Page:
1. Duah Dwomoh1,
  2. Susan Amuasi2,
  3. Kofi Agyabeng3,
  4. Gabriel Incoom4,
  5. Yakubu Alhassan3,
  6. Alfred Edwin Yawson5
  1. 1 Department of Biostatistics, School of Public Health, College of Health Sciences, University of Ghana, Legon, Ghana
  2. 2 Department of Physician Assistantship, School of Medicine and Health Sciences, Central University College, Accra, Ghana
  3. 3 Department of Biostatistics, School of Public Health, College of Health Sciences, University of Ghana, Accra, Ghana
  4. 4 Department of Management Science, School of Business, Ghana Institute of Management and Public Administration, Accra, Ghana
  5. 5 Department of Community Health, School of Public, College of Health Sciences, University of Ghana, Accra, Ghana
  1. Correspondence to Dr Duah Dwomoh; duahdwomoh{at}yahoo.com

Abstract

Introduction Despite the decline in infant and under-five mortality rates since the last decade, Ghana did not meet the millennium development goal (MDG) 4 target. To implement effective interventions that could fast-track progress towards achieving the sustainable development goal 3 in 2030, factors contributing to the decline in child mortality throughout the MDG period and which factor(s) has/have been consistent in affecting child survival in the last decade need to be understood.

Methods This study used Demographic and Health Surveys (DHS) from 2003, 2008 and 2014 and data from World Bank Development Indicators (2000–2018). We employed modified Poisson with robust SE and multivariate decomposition approach to assess risk factors of child mortality using DHS data from 2003, 2008 and 2014. Penalised regression was used assess the effect of 25 country-level contextual factors on child survival.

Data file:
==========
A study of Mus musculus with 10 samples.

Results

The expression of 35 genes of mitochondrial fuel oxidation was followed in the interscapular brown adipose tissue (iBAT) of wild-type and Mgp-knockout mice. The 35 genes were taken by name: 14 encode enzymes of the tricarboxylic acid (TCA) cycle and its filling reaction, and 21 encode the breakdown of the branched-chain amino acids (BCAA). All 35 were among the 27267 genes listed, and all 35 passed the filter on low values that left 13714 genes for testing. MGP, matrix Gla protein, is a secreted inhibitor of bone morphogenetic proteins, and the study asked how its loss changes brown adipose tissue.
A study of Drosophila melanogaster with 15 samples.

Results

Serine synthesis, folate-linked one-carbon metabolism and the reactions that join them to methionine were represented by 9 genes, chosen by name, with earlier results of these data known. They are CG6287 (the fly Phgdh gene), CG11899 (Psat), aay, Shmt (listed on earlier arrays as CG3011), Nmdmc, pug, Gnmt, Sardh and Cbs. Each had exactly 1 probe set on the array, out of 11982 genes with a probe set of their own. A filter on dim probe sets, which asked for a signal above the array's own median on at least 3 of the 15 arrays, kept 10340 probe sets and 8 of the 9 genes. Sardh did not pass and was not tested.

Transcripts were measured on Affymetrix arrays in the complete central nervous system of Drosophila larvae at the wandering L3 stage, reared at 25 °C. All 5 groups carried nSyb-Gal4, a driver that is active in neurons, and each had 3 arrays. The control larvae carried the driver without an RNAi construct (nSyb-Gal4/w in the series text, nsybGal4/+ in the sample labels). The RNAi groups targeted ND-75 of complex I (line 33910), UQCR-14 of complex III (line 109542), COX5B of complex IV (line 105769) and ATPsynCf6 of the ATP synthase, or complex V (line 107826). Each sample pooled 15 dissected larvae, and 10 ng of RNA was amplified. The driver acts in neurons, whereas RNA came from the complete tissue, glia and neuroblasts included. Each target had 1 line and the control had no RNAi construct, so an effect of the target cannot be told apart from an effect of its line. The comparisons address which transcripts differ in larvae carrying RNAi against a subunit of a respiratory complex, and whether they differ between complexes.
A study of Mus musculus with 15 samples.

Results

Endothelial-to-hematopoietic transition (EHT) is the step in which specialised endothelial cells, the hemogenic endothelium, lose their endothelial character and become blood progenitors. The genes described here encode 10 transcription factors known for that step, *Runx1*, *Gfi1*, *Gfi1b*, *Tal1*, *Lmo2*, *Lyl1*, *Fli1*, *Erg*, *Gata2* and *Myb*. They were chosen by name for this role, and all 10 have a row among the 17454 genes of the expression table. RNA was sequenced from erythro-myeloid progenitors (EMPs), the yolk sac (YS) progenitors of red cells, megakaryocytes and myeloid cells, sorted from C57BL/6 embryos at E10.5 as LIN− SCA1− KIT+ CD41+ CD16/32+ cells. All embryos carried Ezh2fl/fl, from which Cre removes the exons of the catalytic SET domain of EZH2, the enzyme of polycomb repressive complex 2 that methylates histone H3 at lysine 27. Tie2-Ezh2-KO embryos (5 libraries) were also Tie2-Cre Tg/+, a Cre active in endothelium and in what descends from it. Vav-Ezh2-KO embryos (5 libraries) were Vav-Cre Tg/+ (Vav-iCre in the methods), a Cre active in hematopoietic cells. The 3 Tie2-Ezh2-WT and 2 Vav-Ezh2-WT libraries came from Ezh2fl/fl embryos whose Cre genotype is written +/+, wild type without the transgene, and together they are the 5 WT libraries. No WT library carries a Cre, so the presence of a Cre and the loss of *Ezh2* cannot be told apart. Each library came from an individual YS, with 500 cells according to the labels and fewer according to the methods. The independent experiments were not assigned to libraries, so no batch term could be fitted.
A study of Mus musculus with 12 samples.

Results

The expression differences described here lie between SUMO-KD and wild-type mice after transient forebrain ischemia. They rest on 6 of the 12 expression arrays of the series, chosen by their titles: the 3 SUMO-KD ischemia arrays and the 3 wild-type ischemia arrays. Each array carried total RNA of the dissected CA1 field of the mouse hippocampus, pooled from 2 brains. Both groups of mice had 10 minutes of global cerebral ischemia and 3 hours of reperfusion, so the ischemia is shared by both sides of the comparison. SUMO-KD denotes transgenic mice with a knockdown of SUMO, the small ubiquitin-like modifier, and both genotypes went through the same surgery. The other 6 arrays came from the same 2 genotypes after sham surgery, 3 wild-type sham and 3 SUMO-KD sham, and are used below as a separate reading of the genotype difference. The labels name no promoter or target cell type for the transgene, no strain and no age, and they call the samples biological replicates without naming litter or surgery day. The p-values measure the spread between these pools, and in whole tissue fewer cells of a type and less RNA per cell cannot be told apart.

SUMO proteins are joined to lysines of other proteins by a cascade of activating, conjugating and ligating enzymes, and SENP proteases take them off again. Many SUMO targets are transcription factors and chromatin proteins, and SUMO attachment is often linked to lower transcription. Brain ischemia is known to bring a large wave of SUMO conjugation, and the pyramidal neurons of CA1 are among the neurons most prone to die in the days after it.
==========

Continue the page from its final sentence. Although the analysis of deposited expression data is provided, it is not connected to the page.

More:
Results The risk of infant mortality is approximately five times higher among mothers who had multiple births compared with mothers who had single birth over the last decade (adjusted relative risk 4.6, 95% CI 3.2 to 6.6, p<0.001). An increase in the annual percentage of female labour force participation (FLFP) is associated with the reduction of approximately 10 and 18 infant and under-five annual deaths per 1000 live births, respectively.

Conclusions This study found that multiple births and shorter birth spacing are associated with increased risk of infant and under-five deaths over the last decade. Increased in FLFP, and the proportion of children sleeping under bed-net are associated with reduced risk of both infants and under-five deaths.

  • infant mortality
  • under-five mortality
  • multivariate decomposition
  • modified Poisson
  • least absolute shrinkage and selection operator

This is an open access article distributed in accordance with the Creative Commons Attribution Non Commercial (CC BY-NC 4.0) license, which permits others to distribute, remix, adapt, build upon this work non-commercially, and license their derivative works on different terms, provided the original work is properly cited, appropriate credit is given, any changes made indicated, and the use is non-commercial. See: http://creativecommons.org/licenses/by-nc/4.0/.


  • Handling editor Sanni Yaya

  • Contributors All authors contributed significantly to this manuscript and met the authorship criteria set out for the BMJ Global Health.

  • Competing interests No, there are no competing interests for any author.

  • Ethics approval This study involves the analysis of anonymous publicly available secondary data and therefore no ethical approval was required.

  • Provenance and peer review Not commissioned; externally peer reviewed.

  • Data availability statement Data are available in a public, open access repository.